Crossing Your Fingers Could Reduce Pain (No Lie)

Researchers find the spatial arrangement of our digits affects the sensations they feel

Fingers Crossed
Innocenti and Lee/Image Source/Corbis

Crossing your fingers might not help you win the lotto, but this simple action does have a seemingly magic power. A new study found that crisscrossing a finger over or under the others affected how much pain subjects felt.

The perception of pain is still a largely mysterious field: how much pain one feels is a highly individual phenomenon, determined by physiological, psychological and environmental factors that are not well understood. The study, from researchers at University College London (UCL), suggests that the physical arrangement of the painful parts of our body, relative to the parts that are not in pain, could affect what we feel, too. In other words, the person's overall body position seems to influence how pain signals are sent to the brain.

In the study, the researchers simulated painful sensations in their subjects' middle fingers. The subjects’ fingers were not actually put in harm's way: the researchers used the “thermal grill illusion,” a pattern of warm and cold temperatures that does not result in tissue damage. It does, however, produce a burning sensation—but when the middle finger was crossed over the index finger, this ache was reduced.

The implications? Study author Patrick Haggard explains:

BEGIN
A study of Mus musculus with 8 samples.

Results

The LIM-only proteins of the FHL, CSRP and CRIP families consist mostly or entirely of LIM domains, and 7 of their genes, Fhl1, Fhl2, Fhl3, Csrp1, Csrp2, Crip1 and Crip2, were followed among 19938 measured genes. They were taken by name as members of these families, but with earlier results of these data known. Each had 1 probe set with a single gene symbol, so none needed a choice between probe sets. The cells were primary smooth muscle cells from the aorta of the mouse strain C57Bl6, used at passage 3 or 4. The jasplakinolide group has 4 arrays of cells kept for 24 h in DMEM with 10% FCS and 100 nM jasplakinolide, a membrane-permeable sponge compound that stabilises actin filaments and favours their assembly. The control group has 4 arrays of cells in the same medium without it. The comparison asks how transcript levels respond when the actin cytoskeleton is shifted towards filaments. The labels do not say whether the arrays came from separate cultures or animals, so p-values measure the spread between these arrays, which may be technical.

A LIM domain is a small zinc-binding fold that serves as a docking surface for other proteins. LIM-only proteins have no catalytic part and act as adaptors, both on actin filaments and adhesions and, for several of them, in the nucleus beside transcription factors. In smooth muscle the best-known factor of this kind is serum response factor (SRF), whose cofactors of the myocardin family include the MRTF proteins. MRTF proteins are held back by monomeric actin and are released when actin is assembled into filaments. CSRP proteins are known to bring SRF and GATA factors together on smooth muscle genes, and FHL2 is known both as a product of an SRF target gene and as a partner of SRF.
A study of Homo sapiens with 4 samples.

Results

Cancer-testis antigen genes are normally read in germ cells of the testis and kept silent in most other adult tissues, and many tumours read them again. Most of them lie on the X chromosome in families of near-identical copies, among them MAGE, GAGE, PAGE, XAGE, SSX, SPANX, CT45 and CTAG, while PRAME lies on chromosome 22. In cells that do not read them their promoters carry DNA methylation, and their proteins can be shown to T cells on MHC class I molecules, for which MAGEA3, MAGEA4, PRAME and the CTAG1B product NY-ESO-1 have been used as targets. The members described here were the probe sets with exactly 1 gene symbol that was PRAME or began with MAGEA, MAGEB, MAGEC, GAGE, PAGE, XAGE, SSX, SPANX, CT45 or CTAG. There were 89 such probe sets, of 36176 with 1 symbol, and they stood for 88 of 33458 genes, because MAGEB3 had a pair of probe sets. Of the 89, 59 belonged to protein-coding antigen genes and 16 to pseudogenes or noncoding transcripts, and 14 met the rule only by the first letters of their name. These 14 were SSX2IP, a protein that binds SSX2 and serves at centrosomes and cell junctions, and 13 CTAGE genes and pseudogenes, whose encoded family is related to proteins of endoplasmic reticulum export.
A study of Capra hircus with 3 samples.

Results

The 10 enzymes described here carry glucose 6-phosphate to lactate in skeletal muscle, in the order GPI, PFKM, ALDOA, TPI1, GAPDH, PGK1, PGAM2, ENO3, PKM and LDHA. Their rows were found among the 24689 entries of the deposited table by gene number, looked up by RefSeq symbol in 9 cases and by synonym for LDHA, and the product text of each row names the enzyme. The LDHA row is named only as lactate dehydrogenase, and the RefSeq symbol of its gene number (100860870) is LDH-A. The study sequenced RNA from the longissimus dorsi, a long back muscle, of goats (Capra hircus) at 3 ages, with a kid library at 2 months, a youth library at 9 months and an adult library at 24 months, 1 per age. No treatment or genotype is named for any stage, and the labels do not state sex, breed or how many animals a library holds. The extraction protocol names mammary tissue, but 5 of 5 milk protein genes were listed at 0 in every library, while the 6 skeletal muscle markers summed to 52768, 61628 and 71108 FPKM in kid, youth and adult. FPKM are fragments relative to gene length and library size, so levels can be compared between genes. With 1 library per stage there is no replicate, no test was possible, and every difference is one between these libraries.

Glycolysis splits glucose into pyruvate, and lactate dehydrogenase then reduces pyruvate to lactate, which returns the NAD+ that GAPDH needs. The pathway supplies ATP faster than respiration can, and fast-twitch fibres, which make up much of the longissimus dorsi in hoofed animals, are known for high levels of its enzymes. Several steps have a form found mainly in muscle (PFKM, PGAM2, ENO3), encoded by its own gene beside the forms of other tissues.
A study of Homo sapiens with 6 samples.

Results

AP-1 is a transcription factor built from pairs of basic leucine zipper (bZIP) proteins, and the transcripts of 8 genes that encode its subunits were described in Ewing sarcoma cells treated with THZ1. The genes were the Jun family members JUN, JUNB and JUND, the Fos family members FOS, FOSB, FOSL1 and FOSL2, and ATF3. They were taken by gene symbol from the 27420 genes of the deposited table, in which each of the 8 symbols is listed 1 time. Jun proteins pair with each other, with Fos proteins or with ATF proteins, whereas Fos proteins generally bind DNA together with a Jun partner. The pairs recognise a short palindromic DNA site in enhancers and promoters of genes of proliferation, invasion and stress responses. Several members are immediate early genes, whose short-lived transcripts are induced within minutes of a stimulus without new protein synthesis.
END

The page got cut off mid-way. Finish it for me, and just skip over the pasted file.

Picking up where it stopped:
Interactions like these may contribute to the astonishing variability of pain. Many people suffer from chronic pain, and the level of pain experienced can be higher than would be expected from actual tissue damage. Our research is basic laboratory science, but it raises the interesting possibility that pain levels could be manipulated by applying additional stimuli, and by moving one part of the body relative to others. Changing the spatial pattern of interacting inputs could have an effect on the brain pathways that underlie perception.

UCL pain specialist Giandomenico Iannetti told the Guardian that, essentially, this is because our brains are good at playing tricks on us. “Perceptions are constructed in the brain with the objective of seeing the world around us,” he said. “This is why sometimes perceptions do not accurately reflect sensory input. Pain is a perception often only loosely related to the actual noxious sensory input.” In time, this line of research could lead to the development of better, simple, non-invasive management strategies that don't rely on medication—fingers crossed.